Now is the perfect moment to drive home the green retail revolution


Driving home the green retail revolution

After the fifteen or so months we’ve all been through, sustainability may understandably not be front of mind for everyone. But the issue of climate change certainly hasn’t gone away. It continues to grab headlines, especially around the recent G7 summit, hosted here in the UK.

Covid-enforced lockdowns saw global carbon emissions decline by 2.4 billion tonnes in 2020. While we all understand that this wasn’t a matter of choice, as things begin to open up again, it’s imperative that we don’t lose the positive progress that has been made in this area.

Instead, we should use this moment in time as a jumping off point into more sustainable retail.

While it’s usually ecommerce that gets a bad rep when it comes to sustainability, recent research suggests that shopping at bricks and mortar retailers could actually be up to twice as polluting as buying online. This is primarily due to emissions from the heating and lighting of shops, and from customers travelling to and from them.

This is worth noting. There will likely always be a place for physical stores in the retail mix, but shoppers are more worried about the environmental impact of retail than in previous years — and they value the ease and convenience of shopping online more than ever.

Our own recent research found that 43% of people are more concerned about the environmental impact of delivery and returns than in the past — a figure which rises to more than half of 18–34 year olds. But they still want retailers to make life easier for them, and a convenient, five-star shopping experience which fits seamlessly around their lives.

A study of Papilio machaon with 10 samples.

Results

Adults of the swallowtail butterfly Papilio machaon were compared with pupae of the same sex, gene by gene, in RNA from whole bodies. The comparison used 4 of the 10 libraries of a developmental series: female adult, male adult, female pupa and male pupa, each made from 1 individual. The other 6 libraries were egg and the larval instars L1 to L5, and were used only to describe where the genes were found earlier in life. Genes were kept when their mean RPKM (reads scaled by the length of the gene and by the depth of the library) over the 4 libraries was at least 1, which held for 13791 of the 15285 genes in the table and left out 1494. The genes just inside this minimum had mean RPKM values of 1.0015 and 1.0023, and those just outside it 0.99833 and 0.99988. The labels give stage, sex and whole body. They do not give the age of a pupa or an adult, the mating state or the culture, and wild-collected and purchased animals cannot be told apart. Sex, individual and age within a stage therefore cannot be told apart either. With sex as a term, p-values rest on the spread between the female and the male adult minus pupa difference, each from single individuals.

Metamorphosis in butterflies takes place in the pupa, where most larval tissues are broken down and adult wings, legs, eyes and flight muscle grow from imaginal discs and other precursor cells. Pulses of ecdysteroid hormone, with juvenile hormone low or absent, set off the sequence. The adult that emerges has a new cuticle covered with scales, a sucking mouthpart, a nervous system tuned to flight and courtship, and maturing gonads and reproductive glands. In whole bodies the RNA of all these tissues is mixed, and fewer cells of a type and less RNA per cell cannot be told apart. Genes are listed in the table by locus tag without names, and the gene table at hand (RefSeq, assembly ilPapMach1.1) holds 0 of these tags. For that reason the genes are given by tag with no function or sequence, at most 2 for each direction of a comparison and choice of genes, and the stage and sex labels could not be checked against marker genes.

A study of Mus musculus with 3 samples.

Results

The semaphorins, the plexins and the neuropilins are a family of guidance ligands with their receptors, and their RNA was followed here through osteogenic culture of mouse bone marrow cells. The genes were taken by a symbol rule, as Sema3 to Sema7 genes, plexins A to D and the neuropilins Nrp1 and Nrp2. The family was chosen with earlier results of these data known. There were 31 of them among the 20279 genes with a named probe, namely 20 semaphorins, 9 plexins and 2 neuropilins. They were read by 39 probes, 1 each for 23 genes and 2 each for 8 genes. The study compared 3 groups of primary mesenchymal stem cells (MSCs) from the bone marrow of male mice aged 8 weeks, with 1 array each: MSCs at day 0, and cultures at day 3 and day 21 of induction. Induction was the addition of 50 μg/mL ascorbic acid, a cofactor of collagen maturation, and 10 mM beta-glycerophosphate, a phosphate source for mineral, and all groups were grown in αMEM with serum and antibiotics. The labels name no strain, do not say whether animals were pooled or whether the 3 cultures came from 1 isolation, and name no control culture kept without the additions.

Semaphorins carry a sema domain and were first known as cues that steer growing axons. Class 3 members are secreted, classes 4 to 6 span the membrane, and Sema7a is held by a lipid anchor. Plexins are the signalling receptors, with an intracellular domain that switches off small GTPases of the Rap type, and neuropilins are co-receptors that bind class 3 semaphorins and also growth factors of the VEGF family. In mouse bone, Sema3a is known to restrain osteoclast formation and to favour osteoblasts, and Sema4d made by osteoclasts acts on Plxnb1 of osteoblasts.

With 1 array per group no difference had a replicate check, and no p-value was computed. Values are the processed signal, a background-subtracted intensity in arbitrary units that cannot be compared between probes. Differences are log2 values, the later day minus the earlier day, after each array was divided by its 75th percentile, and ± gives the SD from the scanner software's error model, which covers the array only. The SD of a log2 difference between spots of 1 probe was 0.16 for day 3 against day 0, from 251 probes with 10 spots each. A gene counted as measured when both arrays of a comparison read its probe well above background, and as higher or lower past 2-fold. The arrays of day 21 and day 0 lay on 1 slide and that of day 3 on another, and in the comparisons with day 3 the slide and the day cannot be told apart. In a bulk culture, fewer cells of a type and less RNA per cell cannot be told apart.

Even if they are increasingly alert to the impact of ecommerce on the environment, they won’t quickly sacrifice the ease of shopping online we have all become used to while in lockdown.

With home deliveries having increased exponentially during the pandemic — and no signs this is set to change — the simple truth is that supporting this growing demand longer-term isn’t sustainable.

We can’t maintain the number and volume of home deliveries and easily reduce emissions — even with the wider introduction of EVs, which is of course very welcome. A report by The World Economic Forum suggests that by 2030 the demand for last-mile delivery is expected to grow 78%, with emissions set to rise by nearly a third.

So, what’s the answer?

We can’t claim to have a green retail revolution answer for every part of the retail operation, but the rise of out-of-home collection and drop-off points, such as lockers, can play an important role. They help consolidate deliveries into fewer van journeys, removing traffic and congestion from communities and reducing CO2 emissions by up to two-thirds compared to home deliveries.

With lockers located at convenient locations such as train stations and local supermarkets, consumers are able to pick up, return or send their parcels as part of their daily routine – as opposed to having to make additional trips out. They also offer a more consistent experience, unlike more variable shop-based experiences.

The good news is that the pandemic has also helped drive some changes to people’s habits, making them more open to new ways of collecting and returning items bought online. More than half tried a new method of returning goods during the pandemic, such as lockers or parcel shops.

With shoppers calling on retailers to offer more environmentally friendly ways to receive and return goods, but equally demanding increased convenience and ease, the message is simple: it’s no longer enough for sustainable delivery and returns to be an add-on or afterthought.

Now is the time for retailers to prioritise lower carbon delivery options and actively steer their customers towards these at checkout. Doing this can encourage new, greener, shopper habits, while continuing to deliver an outstanding retail experience.